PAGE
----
Sunday, 19 January 2014

Sunday Review.

This week's first poem "The Secretary Says" was by yours truly concerning the pronouncements from the UK Secretary of Education on the portrayal of the First World War by modern academics and comedy writers. Perhaps he cannot tell them apart? I'm sure that this is their fault. I apologise to all Siegfried Sassoon fans but the lines I used seemed to leap out of the air into my laptop.
Paul Crompton's poem "Emotional Sandcastles" on Tuesday, dealt with two worrying trends in the modern world. Those of unemployment and sensationalist media.
The lines: but I kill those memories
because these streets are no place
to build emotional sandcastles.
sum up the harshness of modern life under twin attacks from those two forces.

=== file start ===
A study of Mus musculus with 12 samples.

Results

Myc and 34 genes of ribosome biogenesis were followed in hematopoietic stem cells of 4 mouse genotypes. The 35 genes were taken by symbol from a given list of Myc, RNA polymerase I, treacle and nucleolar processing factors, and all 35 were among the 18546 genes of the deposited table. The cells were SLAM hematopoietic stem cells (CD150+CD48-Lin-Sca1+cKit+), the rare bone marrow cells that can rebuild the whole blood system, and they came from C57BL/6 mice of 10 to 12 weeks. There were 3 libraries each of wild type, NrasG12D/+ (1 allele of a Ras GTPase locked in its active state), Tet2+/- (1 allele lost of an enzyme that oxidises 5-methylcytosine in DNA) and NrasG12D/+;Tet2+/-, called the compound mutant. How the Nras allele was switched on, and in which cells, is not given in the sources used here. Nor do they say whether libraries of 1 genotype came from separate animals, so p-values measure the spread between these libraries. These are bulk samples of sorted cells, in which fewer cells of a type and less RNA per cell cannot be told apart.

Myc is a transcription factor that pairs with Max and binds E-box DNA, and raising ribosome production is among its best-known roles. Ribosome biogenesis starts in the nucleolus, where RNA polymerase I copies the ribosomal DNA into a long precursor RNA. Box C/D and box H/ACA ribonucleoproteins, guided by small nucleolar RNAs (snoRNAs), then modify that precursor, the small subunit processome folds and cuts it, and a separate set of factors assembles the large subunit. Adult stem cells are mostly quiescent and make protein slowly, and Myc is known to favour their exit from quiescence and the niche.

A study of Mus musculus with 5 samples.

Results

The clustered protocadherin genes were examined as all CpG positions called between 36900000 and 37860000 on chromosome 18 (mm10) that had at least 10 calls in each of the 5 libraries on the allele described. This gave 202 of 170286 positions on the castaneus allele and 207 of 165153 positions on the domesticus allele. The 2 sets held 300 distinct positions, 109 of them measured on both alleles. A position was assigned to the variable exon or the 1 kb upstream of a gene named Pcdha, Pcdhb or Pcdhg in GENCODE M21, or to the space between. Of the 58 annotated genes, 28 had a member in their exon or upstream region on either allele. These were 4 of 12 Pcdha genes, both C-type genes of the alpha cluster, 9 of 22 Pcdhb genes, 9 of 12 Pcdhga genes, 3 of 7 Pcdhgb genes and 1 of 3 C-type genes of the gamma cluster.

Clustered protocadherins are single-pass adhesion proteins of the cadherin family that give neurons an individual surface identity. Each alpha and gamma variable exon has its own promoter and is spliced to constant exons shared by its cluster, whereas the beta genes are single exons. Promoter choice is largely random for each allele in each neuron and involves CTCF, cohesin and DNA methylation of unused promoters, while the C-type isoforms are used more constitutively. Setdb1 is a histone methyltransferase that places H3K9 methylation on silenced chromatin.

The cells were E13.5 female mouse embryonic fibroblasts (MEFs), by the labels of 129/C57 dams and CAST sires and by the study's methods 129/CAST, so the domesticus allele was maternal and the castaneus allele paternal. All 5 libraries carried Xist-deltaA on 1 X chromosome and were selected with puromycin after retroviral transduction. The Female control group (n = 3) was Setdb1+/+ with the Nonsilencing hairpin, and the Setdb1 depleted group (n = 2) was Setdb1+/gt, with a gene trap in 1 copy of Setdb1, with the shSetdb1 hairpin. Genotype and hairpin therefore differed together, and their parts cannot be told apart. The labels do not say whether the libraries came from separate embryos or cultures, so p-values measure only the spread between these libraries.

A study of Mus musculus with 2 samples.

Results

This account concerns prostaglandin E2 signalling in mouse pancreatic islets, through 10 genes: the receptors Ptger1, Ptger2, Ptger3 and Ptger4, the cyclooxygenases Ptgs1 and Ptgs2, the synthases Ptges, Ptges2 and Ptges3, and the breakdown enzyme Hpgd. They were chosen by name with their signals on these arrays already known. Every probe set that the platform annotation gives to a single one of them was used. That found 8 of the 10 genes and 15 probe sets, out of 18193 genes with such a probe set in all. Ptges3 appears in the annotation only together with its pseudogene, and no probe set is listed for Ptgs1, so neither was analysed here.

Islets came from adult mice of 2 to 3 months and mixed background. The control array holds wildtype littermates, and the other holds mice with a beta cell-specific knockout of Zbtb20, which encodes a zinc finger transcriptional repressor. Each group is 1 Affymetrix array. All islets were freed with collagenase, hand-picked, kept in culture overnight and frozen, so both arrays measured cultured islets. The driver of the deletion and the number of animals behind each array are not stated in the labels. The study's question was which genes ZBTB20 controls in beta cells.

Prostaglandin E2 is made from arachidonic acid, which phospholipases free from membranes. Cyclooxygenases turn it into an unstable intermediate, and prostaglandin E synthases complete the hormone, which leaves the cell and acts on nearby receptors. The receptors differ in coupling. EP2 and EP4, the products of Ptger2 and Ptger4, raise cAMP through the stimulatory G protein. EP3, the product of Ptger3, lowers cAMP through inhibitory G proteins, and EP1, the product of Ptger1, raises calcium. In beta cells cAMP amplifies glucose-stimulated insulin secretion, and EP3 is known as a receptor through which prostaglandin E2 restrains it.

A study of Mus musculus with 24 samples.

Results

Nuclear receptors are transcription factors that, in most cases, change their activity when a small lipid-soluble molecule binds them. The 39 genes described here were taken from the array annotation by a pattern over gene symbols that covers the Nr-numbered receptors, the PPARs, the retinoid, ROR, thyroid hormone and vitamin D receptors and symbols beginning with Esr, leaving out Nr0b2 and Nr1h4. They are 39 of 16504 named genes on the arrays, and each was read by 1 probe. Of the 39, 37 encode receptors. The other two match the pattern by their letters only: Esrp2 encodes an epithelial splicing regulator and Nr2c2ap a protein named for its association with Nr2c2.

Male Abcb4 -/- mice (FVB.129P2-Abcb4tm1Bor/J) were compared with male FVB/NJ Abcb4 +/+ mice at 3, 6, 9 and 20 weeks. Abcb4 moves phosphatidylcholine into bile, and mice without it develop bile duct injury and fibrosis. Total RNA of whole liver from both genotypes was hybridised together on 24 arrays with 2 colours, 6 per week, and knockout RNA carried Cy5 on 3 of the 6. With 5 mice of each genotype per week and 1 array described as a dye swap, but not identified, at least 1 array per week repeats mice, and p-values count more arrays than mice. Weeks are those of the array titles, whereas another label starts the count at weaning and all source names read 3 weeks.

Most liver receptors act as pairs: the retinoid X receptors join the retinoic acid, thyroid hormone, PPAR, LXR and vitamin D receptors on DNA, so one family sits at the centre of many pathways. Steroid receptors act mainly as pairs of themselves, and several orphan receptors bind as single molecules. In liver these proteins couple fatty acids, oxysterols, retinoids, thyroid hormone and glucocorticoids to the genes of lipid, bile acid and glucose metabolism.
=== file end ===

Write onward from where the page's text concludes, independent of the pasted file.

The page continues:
Laura Taylor's poem "No Justice" was Wednesday's poem and an angry jagged little pill. I admire poets who can say so much in so few words. For example, from this poem, 
his life resides in a box;
confined, entrapped,
determined, defined...
brings home the claustrophobic nature of inner city living in a strikingly effective manner.
Thomas Martin's poem "The Upper Crust" outlined the growing gulf in society between an elite who do not seem to suffer from their own incompetence and an underclass who will never get a chance to make a better life for themselves and their families. The problem is summed up in the last two lines as:
They know how to take money from the people
And distribute it among themselves.
 Luigi Pagano's "Toujours L'Amour" performed a very surgical skewering of the "you wouldn't believe it in a movie" situation in France. The last lines:
Can you imagine Cyrano
- he with a large hooter-
going to meet Roxane
in a three-wheeler scooter?
catch the absurdity of the affair, perfectly.
I hope you all have a good week. My family and I are beside the seaside on N.Z's east coast, our favourite place. Keep up with the news and keep up the submissions.